ATLANTA -- Brian McCann hasn't exactly dazzled with his bat over the past two months. But when compared against his Braves teammates over the course of the past week, the 23-year-old catcher looks like a one-man, run-producing machine.

Mired in the worst offensive drought they've seen in more than 20 years, the Braves were looking for the type of spark McCann delivered at Turner Field on Monday night. His four-RBI performance, combined with seven solid innings from Tim Hudson, led to a 4-1 win over the Nationals and more importantly, the end of a five-game losing streak.

"Finally some positive things are happening around here," said Hudson, who surrendered one run and won for the first time in five starts. "You just have to go out and build from this. This isn't going to solve any of the problems that we've been having. We just have to continue to go out there and play a little better baseball."

With McCann's fourth-inning, two-out RBI single off Nationals starter Jason Bergmann, the Braves tallied what was just their second run in 49 innings and ended a drought of 17 scoreless innings. With all of the offensive struggles that encompassed their five-game losing streak, it's not all that surprising that this single also gave them their first lead in exactly a week.

"We just ran into a bad stretch, and that's the way baseball goes," said McCann, who has driven in eight of the 14 runs the Braves have scored over the course of their past seven games.

After halting his offensive woes with a four-RBI performance in last Monday night's win against the Red Sox, McCann indicated that he was feeling better than he had in a few months. While going hitless in the 14 at-bats that encompassed the next five games, he says he still possessed the comfort that was once again evidenced with the three-run, sixth-inning homer he delivered off reliever Billy Traber to provide the difference in the series-opening win over the Nationals.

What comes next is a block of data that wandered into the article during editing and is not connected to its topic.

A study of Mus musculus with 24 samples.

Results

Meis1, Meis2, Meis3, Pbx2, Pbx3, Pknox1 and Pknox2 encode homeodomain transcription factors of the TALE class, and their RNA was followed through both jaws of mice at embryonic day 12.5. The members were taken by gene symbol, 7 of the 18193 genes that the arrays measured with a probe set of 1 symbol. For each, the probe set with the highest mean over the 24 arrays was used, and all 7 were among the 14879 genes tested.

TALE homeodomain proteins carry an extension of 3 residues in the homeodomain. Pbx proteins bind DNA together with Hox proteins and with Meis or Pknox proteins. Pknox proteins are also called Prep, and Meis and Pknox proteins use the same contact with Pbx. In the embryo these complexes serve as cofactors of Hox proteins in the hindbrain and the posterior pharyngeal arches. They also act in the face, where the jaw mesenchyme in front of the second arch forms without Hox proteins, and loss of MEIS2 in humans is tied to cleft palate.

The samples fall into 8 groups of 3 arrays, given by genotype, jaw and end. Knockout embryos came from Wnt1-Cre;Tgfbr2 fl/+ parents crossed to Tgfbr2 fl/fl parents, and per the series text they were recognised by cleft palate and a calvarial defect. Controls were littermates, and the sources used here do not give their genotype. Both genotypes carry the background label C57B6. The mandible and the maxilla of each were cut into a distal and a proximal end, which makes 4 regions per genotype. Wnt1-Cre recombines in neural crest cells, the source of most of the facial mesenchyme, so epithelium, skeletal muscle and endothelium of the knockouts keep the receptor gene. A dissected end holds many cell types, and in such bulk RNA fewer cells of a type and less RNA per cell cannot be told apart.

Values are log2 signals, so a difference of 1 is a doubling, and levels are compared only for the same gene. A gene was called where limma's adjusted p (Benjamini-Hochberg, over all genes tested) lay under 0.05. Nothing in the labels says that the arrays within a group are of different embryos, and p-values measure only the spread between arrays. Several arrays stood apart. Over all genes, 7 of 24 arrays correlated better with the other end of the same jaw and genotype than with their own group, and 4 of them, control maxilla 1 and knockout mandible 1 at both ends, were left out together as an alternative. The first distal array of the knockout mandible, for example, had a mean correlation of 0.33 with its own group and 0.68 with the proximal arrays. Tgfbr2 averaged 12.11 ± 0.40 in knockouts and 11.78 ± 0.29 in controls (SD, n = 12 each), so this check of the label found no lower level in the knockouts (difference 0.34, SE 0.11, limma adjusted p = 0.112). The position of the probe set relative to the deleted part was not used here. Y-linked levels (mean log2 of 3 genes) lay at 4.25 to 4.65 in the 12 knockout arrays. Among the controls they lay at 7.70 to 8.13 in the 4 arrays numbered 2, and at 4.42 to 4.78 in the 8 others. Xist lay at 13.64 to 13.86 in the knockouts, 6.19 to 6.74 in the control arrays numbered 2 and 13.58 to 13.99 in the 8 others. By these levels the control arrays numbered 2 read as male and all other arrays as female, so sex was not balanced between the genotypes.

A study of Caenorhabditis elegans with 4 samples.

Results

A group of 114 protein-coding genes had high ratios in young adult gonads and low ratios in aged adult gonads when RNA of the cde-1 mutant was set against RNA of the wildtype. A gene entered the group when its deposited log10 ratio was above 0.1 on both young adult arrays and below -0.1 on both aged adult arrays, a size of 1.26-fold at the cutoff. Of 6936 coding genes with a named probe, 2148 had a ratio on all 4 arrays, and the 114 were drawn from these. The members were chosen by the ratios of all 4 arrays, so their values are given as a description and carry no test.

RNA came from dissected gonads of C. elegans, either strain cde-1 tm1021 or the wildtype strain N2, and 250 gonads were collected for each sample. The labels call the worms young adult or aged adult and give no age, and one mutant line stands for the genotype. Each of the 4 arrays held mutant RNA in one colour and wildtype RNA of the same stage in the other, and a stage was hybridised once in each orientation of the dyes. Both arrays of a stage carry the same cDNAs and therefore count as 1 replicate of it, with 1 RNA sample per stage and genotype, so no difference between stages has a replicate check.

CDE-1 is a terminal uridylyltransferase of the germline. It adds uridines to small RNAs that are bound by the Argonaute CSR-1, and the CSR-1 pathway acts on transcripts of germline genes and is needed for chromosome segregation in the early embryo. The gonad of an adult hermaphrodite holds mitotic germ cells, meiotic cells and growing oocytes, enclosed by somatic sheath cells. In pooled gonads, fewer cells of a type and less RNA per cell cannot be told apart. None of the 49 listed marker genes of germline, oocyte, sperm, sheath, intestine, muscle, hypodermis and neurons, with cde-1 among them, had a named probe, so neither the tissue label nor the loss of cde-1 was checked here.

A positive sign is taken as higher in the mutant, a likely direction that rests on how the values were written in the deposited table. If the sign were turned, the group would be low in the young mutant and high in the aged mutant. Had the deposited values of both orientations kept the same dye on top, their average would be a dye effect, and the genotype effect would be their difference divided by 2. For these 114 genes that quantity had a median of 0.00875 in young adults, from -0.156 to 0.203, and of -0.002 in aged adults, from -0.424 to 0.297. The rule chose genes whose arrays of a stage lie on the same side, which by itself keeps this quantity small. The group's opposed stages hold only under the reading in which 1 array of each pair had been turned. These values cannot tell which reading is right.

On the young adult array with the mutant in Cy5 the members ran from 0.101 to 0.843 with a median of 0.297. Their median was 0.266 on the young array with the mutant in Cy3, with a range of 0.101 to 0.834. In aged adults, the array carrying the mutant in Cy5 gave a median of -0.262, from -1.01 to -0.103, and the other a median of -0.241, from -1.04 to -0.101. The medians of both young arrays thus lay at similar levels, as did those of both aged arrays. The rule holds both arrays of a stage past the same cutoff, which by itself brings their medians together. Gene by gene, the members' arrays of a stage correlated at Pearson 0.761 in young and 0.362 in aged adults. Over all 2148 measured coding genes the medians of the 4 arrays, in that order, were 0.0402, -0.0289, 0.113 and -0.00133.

"I've been changing too much, trying to find something that's going to work," said McCann, who entered Monday having hit .213 (33-for-155) with 22 RBIs in his previous 45 games. "This is a stepping stone, hopefully. You never know."

Knowing they had lost 10 of their previous 15 games even before the start of the offensively abysmal five-game skid, the Braves weren't going to get overly excited about one win over the last-place Nationals, who were forced to limit Bergmann to four innings because he had spent the past five weeks on the disabled list with inflammation in his right elbow.

But like any other potential catalyst, this could be the start of something good for a team that certainly found itself making news for all the wrong reasons last week. This past weekend's media-relayed verbal exchange between Chipper Jones and John Smoltz has been silenced and for now, they no longer have to wonder how long it's been since they actually scored more than once in a game.

"Things are feeling good around here," said Hudson, who is 4-1 with a 1.29 ERA in seven career starts against the Nationals. "I think the soap opera settled down a little bit. Smiles, hugs and kisses and everything else. So everything is good."

Bergmann's last Major League appearance had come on May 14, when he limited the Braves to one earned run and two hits over eight innings. His no-hit bid that evening was erased with McCann's eighth-inning leadoff homer. The four innings he provided in this outing were only marred by McCann's fourth-inning two-out RBI single. It was Atlanta's first hit in 25 at-bats with a runner in scoring position.

"After we scored the one run, it felt like we had three or four," Hudson said. "Then when Mac hit that three-run homer, I swear I felt like we had a 10-run lead. Hopefully this is something that will kick-start us."

With two outs and first base open in the sixth, the Nationals ordered Traber to issue an intentional walk to Andruw Jones, who has one hit in his past 36 at-bats and a .198 batting average on the season. McCann didn't take offense to the free pass. He expected it with the understanding that he'd hit just .232 with one homer in 82 previous at-bats against left-handed pitchers this season.

"You have to play the percentages, and Andruw Jones is a dangerous hitter," said McCann, who entered the game having hit .179 with four RBIs in 28 previous at-bats against the Nationals this season.

While McCann had previously struggled against the Nationals, Hudson had simply prolonged his dominance. In three starts against them this year, the veteran hurler is 3-0 with a 0.85 ERA. That equates to two earned runs over 21 innings.

"It was one of those nights," said Hudson, who had allowed four runs or more in three of his previous four starts. "I wish I could take three or four of those innings and put them in my back pocket and save them for later on when there's a tough stretch in a game."

This might have been just one game for the Braves. But they'd also certainly like to bottle some of this offense and use it in the event that they ever encounter anything similar to the frustrations that last week brought.

"It's going to take a little bit of time to get out of it, but hopefully tonight was a start," McCann said.